Irwin Ohlsson (Irv) and Harry Rice were model gas engine builders.
After graduation, Irv went to work for Douglas Aircraft. His first love was model flying, however, and he soon left Douglas to open a model shop of his own in Los Angeles. He had come up with a good design for an engine and wanted to go into production. He contacted machinist friend Harry Rice and got a quote for the tooling for the first run of his new engines. The cost would be 2600 USD, which was a lot of money at the time. Irv borrowed $1300 from his mother from his dad's insurance money and got friend Frank Bertelli to borrow 1300 USD from his parents to finance the first run of engines. They assembled and test ran each engine in their shop. This engine sold for 16.50 USD, which was about a week's pay for the average worker in those days. Many boys now recall saving their every penny for a long time to buy that engine for their model airplane. The Ohlsson Mini was known as the 'Gold Seal' and had a displacement of .56 cubic inches, forged rods, a 1-piece head and cylinder to prevent leakage and produced about 5 pounds of thrust with a 14" prop at 7000 RPM.
By 1941 Irv Ohlsson had teamed up with Harry Rice, and the firm of Ohlsson & Rice were producing a '.19', a '.23' and a '.60' that were very popular.
No other engines at the time combined the reliability, ease of maintenance, simplicity of operation and unlimited life of the Ohlsson & Rice model engines. The Second World War put a temporary hold on their success, however, as all manufacturing facilities were turned over to military production. By the time the war shut down their production, they had produced about 75,000 engines.
As soon as the war was over, O&R got back into production. Even with a shortage of needed materials and machines somewhat worn out by 3-shift a day wartime production use, they jumped back into a market that had a seemingly endless demand for their products. Modelers were hungry to get back into flying, and O&R took advantage of the market by buying the machinery needed to meet the huge demand. By the end of 1947 their production had risen to almost a thousand engines per working day.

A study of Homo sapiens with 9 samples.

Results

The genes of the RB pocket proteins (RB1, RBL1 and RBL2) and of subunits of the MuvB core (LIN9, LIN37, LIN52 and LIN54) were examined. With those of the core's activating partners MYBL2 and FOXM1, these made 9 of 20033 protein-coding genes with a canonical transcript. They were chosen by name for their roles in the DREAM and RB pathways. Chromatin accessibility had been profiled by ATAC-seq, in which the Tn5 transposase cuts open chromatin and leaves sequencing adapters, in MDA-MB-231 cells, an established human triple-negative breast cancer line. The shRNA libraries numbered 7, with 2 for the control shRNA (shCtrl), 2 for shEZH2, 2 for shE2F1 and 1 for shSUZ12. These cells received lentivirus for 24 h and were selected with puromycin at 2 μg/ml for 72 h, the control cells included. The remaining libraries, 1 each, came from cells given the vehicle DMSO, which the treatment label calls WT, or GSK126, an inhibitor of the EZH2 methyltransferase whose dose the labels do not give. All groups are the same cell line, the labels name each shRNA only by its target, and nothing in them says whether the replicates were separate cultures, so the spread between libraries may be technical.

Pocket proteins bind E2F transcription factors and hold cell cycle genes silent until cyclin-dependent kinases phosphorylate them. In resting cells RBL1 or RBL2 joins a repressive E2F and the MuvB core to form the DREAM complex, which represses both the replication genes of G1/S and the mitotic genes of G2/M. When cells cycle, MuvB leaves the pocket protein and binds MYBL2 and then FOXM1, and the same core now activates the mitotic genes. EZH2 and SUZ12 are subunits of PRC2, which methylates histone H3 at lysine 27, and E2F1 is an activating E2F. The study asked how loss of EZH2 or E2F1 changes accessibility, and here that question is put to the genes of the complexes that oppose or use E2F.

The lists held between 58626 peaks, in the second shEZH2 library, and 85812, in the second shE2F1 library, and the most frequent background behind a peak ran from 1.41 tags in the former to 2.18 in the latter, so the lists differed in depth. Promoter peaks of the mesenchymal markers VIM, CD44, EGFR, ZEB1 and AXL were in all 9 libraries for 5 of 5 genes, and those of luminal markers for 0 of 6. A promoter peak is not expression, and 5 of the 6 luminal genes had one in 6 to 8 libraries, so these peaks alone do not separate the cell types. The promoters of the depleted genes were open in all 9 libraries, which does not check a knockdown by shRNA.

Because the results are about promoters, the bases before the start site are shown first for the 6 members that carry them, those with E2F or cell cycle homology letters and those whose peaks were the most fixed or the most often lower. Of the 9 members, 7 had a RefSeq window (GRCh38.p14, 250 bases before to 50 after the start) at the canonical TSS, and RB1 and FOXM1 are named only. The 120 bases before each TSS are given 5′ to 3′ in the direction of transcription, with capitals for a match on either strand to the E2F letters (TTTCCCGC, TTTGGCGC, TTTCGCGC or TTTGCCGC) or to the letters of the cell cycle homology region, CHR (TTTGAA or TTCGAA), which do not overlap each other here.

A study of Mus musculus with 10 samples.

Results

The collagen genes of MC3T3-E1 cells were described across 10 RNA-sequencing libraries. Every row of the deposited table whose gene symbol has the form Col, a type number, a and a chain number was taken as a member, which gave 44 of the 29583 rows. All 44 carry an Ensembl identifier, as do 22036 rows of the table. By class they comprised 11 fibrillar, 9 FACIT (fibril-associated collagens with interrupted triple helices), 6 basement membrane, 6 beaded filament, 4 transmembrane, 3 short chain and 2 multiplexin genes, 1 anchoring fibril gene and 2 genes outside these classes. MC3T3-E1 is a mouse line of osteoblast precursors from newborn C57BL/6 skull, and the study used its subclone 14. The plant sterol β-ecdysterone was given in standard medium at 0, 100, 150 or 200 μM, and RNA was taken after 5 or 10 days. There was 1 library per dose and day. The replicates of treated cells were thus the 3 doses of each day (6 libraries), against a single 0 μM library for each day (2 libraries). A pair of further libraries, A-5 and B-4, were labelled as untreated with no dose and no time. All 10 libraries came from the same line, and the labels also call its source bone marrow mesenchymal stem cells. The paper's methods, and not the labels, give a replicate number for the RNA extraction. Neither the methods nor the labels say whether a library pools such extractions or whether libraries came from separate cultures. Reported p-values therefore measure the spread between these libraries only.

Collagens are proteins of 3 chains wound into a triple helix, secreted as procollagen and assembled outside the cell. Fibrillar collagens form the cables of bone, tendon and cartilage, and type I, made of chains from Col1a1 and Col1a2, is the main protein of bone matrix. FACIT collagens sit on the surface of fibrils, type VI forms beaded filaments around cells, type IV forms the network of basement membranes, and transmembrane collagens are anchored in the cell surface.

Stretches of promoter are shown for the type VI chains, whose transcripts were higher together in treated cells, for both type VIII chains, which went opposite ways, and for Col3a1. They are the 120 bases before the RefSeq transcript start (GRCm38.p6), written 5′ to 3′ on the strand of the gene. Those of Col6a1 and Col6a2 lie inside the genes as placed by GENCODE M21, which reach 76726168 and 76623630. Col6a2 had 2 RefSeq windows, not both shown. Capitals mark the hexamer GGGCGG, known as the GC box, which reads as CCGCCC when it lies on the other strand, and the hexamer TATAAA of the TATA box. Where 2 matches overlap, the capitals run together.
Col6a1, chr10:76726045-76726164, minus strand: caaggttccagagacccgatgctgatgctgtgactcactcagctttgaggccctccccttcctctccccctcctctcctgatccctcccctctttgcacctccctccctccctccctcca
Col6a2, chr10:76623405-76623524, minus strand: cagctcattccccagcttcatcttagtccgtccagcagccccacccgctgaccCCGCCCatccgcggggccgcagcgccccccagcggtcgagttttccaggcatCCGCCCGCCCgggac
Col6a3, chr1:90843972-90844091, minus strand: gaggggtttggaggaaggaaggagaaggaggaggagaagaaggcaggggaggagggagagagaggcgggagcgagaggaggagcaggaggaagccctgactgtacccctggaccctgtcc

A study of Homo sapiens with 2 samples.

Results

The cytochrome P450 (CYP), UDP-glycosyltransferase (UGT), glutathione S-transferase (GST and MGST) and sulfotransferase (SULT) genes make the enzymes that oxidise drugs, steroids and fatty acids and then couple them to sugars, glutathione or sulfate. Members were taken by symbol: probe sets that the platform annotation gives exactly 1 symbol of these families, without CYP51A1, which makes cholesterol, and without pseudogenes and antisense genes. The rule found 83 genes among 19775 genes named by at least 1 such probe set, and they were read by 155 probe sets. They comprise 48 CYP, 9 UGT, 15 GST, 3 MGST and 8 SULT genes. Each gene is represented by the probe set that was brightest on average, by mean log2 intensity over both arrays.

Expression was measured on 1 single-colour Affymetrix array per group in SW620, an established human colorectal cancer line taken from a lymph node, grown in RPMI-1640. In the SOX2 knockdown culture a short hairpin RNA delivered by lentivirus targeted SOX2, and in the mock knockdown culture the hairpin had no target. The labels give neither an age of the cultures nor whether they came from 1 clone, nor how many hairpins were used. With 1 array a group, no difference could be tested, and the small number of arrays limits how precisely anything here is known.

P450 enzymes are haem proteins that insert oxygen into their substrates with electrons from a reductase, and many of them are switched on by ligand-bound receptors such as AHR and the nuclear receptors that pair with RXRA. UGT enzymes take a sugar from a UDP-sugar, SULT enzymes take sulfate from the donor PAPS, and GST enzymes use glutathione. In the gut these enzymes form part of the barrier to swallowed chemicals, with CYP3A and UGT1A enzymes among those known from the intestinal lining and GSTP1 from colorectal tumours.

When glow engines started to become popular at the end of the 1940s, Ohlsson & Rice were ready with their own designs. One of the problems with glow plug engines was the availability of the right fuel, so they began manufacturing their own fuel for both glow and ignition engines. They also started producing metal-bodied model race cars (tether cars, see below), propellers and a series of O&R glow plugs.
Ohllson & Rice tether cars were first made in 1946. The first models had solid rear brake drums, 10 air vent slots in the seat, open air front grill, external hand brake lever, windshield, manual fuel pump, 4 nerf bars or radius rods, and plated front axle. The cars were fitted with a .23 or .29 Ohlsson Rice engine. The easiest way to tell their plane engines from the car engines was the exhaust port. The cars have a straight cut exhaust and the planes had an angled cut port. However they are interchangeable except to be estetically correct. Basic colors included black, white, red, yellow and blue. The .29 engine were available in either spark ignition models or with a glow plug. In the beginning Irv Ohlsson and Harry Rice had trouble with their engines and discovered a lot of the problems were due to inferior fuel sources. To rectify this they started to manufacture their own Nitro Glow fuel. This seemed to cure their engine problems. The later models in the 1950s went to a closed front grill, hollow brake drums, 1 air vent slot in seat, no windshield and a smaller .049 engine. The last of the midget racers were made in 1959.
What's it worth? Take a look at this Ohlsson Rice price guide: sold listings for a value indication.